What are the possible complications of endocrine disorders in McCune-Albright syndrome (MAS)?

Updated: Jan 17, 2019
  • Author: Gabriel I Uwaifo, MD; Chief Editor: George T Griffing, MD  more...

Hyperthyroidism in MAS can cause severe failure to thrive in infants and young children. Elevated thyroid levels result in a hypermetabolic state with possible weight loss, anxiety, tremor, tachycardia, and sleeplessness. A decreased attention span often results in poor school performance. Osteoporosis can also result from a prolonged hyperthyroid state.

Infantile Cushing syndrome is also associated with severe growth failure, though the weight-for-height percentile deviations are not as significant as those associated with hyperthyroidism in infancy. Infants with Cushing syndrome often have poor muscle tone and may have hypertension and bruise easily. Long-term untreated hypercortisolism also can result in death. Blood pressure, muscle tone, and growth should all improve with adrenalectomy, though some permanent effect on growth potential may occur.

GH excess associated with a somatotroph adenoma leads to gigantism or acromegaly, depending on the age of initial presentation. In addition to the characteristic tall stature and coarse facial features, individuals are at risk for glucose intolerance, hypertriglyceridemia, hypertension, and mild myopathy. The adenoma itself may interfere with the production of other pituitary hormones. Extension of the tumor above the sella can compromise the optic chiasm, resulting in visual field defects, most commonly bitemporal homonymous hemianopsia.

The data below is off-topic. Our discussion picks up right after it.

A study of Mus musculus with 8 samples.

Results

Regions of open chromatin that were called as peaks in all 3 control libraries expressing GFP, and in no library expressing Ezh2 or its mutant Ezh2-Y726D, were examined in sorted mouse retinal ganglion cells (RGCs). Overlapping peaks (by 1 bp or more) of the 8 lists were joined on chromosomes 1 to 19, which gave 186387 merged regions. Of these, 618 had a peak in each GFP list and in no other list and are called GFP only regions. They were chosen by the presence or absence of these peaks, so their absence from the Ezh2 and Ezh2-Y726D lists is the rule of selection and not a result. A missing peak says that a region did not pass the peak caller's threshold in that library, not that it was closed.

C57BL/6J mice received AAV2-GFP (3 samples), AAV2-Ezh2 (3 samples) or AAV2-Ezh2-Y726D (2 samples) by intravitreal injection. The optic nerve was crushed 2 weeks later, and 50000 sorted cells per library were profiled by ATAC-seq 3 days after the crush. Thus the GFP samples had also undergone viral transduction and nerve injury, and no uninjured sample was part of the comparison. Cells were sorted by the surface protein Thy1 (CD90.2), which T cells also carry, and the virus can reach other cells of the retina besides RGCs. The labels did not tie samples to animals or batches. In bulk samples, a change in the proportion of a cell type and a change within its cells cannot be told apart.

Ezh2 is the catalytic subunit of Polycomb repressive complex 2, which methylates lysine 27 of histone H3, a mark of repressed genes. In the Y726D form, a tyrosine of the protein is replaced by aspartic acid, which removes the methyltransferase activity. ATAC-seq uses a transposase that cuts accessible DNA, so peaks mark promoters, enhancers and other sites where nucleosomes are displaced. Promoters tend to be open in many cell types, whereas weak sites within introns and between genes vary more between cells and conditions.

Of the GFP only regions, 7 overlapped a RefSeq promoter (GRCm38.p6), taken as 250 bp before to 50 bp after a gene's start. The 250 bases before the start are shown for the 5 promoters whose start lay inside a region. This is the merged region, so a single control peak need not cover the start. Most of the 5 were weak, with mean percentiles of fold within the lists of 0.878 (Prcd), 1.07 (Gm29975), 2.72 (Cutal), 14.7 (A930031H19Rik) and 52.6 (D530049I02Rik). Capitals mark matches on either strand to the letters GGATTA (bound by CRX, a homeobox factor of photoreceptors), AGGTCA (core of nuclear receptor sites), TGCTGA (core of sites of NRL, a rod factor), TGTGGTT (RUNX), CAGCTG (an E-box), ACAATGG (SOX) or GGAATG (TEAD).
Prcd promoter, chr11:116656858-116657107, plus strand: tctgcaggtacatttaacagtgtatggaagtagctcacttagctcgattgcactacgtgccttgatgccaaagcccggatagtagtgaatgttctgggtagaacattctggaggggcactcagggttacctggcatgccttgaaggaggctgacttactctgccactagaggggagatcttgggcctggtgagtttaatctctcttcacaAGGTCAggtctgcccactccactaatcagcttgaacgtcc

Hypophosphatemia as a result of increased urinary phosphate losses causes severe rickets and short stature. Although phosphate replacement and calcitriol treatment improve growth and heal the rickets, overall growth potential is reduced. Additionally, select patients may develop nephrocalcinosis and loss of renal function over time (iatrogenic sequelae).